Do We Really Need The Air Force?
RACHEL MARTIN, HOST:
President Obama will also face heated partisan battles over the budget he sent to Congress last week. The $3.9 trillion request includes cuts to the U.S. military, which grew exponentially with the wars in Iraq and Afghanistan. Under the plan, the number of troops will drop to a level not seen since World War II. The Air Force would lose its Cold War-era tank busters and U-2 spy planes. But there would be great investment in high-tech planes and guidance operations systems. One academic has an even bolder idea for reorganizing the military. He says the U.S. needs air power but not an Air Force. Disband it and divide its assets between the Army and the Navy. Robert Farley is an assistant professor at the Patterson School of Diplomacy and International Commerce at the University of Kentucky. He's also the author of "Grounded: The Case for Abolishing the United States Air Force." Robert Farley, thanks so much for being with us.
ROBERT FARLEY: Thanks for having me.
MARTIN: So, this is a provocative argument. I mean, the Air Force has been a key component of every war since its inception in 1947. I mean, it's clear that in the current financial climate the U.S. military is likely to reduce in size. But why focus on the Air Force? Why is the branch to go, you say?
FARLEY: Well, the reason that I focus on the Air Force is that everything we do in terms of modern military operations, whether it's peacetime or its wartime, involves cooperation between air assets, ground assets and sea assets. The reason we designed the Air Force in 1947 is 'cause we envisioned that there might be a way for the Air Force to fight independently. They might be able to have independent decisive effect in war. And what we found really over the years is that pretty much all war is joint, all war is cooperative. It always requires the services to work together. And in particular, everything the military does requires air. And so it makes more sense in my view to tear down that wall that exists between the sea and the land so that you have all capabilities you need within single organizations.
MARTIN: For generations, there was talk, though, that the wars of the future were going to rely solely on air power. Surgical airstrikes that can limit damage on the ground, reduce American casualties. You write that 9/11, the wars in Afghanistan and Iraq changed that thinking.
FARLEY: Well, really, I think that the entire history of the Cold War changed that thinking and in virtually every war that we fought since 1947, there's been this vision of decisive, independent air power. It was there in Korea. It was there in Vietnam. It was certainly there in 1991 in the Gulf War and it's certainly been apparent in the wars on terror. But in every case, that vision of air power which can solve war all on its own has fallen short. There's always been a requirement that air power has to work cooperatively with land power and sea power.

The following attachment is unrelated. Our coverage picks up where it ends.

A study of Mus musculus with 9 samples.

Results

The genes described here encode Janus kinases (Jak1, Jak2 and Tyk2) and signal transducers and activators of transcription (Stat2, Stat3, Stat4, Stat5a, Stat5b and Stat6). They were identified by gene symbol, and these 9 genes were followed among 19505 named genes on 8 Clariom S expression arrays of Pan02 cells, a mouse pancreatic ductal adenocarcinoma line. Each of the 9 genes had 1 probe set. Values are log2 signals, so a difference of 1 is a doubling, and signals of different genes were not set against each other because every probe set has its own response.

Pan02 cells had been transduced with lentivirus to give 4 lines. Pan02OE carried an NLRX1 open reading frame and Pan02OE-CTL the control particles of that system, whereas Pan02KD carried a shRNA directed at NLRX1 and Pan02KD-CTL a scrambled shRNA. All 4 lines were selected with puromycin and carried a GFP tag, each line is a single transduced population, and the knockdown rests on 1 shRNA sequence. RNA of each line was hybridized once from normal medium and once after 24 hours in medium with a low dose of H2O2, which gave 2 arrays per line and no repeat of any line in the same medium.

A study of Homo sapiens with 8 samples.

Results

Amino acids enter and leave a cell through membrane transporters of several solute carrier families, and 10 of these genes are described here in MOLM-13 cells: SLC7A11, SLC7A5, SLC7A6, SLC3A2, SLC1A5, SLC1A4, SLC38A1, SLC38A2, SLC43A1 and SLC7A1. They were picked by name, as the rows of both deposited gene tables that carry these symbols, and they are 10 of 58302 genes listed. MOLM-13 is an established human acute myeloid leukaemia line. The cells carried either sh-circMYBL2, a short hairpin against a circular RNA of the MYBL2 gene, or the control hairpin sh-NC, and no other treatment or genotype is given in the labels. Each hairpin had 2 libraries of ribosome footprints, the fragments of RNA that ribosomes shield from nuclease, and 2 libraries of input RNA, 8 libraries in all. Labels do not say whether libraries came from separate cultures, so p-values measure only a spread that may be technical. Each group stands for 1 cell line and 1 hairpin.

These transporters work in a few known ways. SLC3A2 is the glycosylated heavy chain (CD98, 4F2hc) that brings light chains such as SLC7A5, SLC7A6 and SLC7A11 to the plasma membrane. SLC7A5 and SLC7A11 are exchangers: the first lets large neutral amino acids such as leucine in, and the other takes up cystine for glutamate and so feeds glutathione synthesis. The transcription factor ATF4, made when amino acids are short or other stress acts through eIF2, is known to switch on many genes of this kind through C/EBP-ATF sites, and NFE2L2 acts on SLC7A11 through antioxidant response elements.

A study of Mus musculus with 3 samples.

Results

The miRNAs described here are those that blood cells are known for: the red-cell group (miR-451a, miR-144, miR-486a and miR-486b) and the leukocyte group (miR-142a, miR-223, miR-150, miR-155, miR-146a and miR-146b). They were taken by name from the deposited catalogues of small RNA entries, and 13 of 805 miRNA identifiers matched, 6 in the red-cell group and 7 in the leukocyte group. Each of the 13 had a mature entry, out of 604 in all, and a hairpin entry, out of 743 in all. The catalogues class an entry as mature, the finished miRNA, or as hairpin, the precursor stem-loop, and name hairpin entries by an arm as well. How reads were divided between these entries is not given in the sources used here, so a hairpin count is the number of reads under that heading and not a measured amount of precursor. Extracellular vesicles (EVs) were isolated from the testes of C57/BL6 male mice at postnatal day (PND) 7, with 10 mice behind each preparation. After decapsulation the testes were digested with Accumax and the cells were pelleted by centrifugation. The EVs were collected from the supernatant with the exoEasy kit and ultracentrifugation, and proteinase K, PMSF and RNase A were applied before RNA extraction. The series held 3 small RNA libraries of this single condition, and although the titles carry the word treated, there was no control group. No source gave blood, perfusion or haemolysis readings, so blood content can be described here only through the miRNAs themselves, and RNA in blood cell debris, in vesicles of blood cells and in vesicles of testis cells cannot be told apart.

MARTIN: Would the Army, Navy and Marine Corps be able to sustain that added responsibility?
FARLEY: It would be a significant short-term expense, there's no question. Sometimes I laughingly say that we would need to find thousands and thousands of more uniforms. But that's actually true and that would be an expense. But I think in the long term what we would find would be that supply would be simplified, logistics and training would be simplified. The weapons that we buy would make more sense in terms of how we think about future threats. In the long term, we would actually have a more rational and more cost-effective military.
MARTIN: The reality of this actually happening, though, as you probably realize, is extremely low because this is not just a matter of downsizing and reallocating assets. The Air Force, like other branches, has a distinct history, lore and culture. I mean, there's an emotional attachment that generations of air men and women feel towards this branch.
FARLEY: That sort of culture is extremely important to how our military organization can function, right? The United States Army also has a rich tradition. The United States Navy has a rich tradition, especially in aviation. So, it's a legitimate concern about sort of the espirit de corps of what future airmen, future aviators will have. But I think you can build an identity around being a soldier who happens to be an aviator, rather than an aviator specifically.
MARTIN: And isn't the counter-argument always, you can't predict what the next war is going to look like and who wants to be responsible for getting rid of an Air Force right before a conflict arises where the Air Force is the necessary tool to combat that threat?
FARLEY: Sure. But one of the ways you can deal with that problem is to create military institutions that are as flexible as they can. An army that can tack between ground power on the one hand or air power on the other hand rather than specifying organizations that are going to be good at one thing and then suck up a third of the budget.
MARTIN: Robert Farley is an assistant professor at the University of Kentucky. He joined us from the studios of member station WUKY. Thanks so much for talking with us.
FARLEY: Thank you.
(SOUNDBITE OF MUSIC)
MARTIN: You're listening to NPR News.
NPR transcripts are created on a rush deadline by Verb8tm, Inc., an NPR contractor, and produced using a proprietary transcription process developed with NPR. This text may not be in its final form and may be updated or revised in the future. Accuracy and availability may vary. The authoritative record of NPR’s programming is the audio record.